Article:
Contracts to purchase previously owned homes unexpectedly dropped in October as tighter credit and weak wage gains held back would-be buyers.
The pending home sales index declined 1.1% after a 0.6% increase in September that was larger than initially reported, the National Association of Realtors said today in Washington. The median projection in a Bloomberg survey of economists called for the index to rise 0.5%, with estimates ranging from a decline of 1.3% to an advance of 2%.
“Demand is holding steady but would be more robust if it weren’t for lagging wage growth and tight credit conditions that continue to hamper those individuals looking for relief from rising rents,” NAR chief economist Lawrence Yun said in a statement.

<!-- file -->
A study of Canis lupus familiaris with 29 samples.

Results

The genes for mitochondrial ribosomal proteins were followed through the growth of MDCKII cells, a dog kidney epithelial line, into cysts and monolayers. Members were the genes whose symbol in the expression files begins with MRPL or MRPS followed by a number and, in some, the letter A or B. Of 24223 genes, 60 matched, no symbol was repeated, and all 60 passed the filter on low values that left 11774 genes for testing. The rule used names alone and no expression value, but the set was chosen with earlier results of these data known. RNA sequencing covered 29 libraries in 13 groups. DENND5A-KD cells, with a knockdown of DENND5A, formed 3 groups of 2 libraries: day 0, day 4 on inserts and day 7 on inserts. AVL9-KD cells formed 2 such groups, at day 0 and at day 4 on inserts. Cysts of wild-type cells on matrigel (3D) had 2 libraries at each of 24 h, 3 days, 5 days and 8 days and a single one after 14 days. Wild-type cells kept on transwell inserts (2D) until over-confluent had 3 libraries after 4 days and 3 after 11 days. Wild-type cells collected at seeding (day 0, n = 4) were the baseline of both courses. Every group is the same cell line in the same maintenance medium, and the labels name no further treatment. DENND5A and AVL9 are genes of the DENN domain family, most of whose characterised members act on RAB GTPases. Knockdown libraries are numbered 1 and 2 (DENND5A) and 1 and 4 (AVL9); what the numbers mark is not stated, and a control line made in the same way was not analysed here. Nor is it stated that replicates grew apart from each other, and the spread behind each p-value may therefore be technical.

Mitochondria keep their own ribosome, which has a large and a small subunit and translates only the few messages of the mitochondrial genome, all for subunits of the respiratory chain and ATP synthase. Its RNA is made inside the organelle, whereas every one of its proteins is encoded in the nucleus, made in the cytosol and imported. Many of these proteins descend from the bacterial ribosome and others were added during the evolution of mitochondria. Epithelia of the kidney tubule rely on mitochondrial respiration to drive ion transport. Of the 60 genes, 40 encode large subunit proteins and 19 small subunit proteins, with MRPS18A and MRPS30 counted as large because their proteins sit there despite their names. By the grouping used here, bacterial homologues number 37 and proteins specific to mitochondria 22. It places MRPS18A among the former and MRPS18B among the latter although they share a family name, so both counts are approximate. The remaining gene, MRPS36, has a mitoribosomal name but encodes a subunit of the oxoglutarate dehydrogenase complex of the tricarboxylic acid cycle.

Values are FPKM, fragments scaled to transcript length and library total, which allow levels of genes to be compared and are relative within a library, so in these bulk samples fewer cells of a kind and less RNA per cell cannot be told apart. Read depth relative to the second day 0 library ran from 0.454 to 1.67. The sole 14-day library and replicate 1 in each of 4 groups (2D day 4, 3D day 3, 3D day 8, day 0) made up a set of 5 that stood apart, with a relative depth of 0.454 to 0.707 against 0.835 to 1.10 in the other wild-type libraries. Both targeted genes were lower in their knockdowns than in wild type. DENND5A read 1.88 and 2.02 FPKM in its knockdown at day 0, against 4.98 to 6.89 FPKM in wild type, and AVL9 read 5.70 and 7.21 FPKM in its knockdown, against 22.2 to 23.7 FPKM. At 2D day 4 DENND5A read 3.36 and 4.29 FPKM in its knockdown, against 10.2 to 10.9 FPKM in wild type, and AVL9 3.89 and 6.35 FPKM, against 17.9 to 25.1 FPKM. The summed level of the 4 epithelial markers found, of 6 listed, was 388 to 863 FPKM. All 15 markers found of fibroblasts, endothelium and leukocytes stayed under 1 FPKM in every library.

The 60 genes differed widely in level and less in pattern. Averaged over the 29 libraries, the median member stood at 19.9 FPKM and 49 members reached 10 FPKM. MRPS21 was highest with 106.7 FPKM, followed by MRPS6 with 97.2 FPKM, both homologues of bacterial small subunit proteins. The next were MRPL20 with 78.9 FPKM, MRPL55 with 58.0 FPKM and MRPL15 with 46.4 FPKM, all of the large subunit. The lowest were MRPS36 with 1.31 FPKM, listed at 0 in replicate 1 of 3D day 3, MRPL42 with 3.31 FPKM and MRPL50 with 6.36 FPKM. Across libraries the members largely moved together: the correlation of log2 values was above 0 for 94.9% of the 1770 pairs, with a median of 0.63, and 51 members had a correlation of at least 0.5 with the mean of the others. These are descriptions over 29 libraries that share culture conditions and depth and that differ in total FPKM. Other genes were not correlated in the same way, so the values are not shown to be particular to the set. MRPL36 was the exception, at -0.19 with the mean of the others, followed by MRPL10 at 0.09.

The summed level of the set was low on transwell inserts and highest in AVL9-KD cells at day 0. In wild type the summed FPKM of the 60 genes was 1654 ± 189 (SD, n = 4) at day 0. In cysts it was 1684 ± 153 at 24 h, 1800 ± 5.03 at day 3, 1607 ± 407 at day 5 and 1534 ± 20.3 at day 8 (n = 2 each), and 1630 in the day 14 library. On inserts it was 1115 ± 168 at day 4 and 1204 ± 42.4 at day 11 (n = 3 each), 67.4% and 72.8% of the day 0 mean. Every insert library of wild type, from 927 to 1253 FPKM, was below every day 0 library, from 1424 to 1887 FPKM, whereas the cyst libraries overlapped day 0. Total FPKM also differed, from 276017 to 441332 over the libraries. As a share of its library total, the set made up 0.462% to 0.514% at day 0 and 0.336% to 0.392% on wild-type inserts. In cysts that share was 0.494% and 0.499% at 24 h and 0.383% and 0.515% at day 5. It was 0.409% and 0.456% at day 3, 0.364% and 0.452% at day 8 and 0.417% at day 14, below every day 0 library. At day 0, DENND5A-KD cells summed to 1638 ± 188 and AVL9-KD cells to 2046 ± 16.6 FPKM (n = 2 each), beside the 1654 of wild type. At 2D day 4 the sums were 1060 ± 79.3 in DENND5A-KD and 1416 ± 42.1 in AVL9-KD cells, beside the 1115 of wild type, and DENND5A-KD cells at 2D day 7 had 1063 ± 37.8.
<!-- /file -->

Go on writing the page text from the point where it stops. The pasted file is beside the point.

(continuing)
Purchase contracts rose 2.2% in the 12 months ending in October after a 3.4% annual increase in September that was larger than previously estimated, the NAR report showed. The two months of year-over-year advances follow an 11-month streak of declines.
The pending sales index was 104.1 on a seasonally adjusted basis. A reading of 100 corresponds to the average level of contract activity in 2001, or “historically healthy” home-buying traffic, according to the NAR.
Pending sales fell in three of four regions, declining 3.2% in the West, 1% in the South and 0.6% in the Midwest. Purchase contracts rose 0.5% in the Northeast.
Economists consider pending sales a leading indicator because they track new purchase contracts. Existing-home sales are tabulated when a deal closes, usually a month or two later.
Those resales unexpectedly rose last month to a 5.26 million annual pace, the strongest since September 2013 and up 1.5% from a revised 5.18 million pace in September, NAR data showed last week.
Building permits for future projects reached a six-year high in October, signaling construction will add to U.S. growth in early 2015, Commerce Department figures showed last week.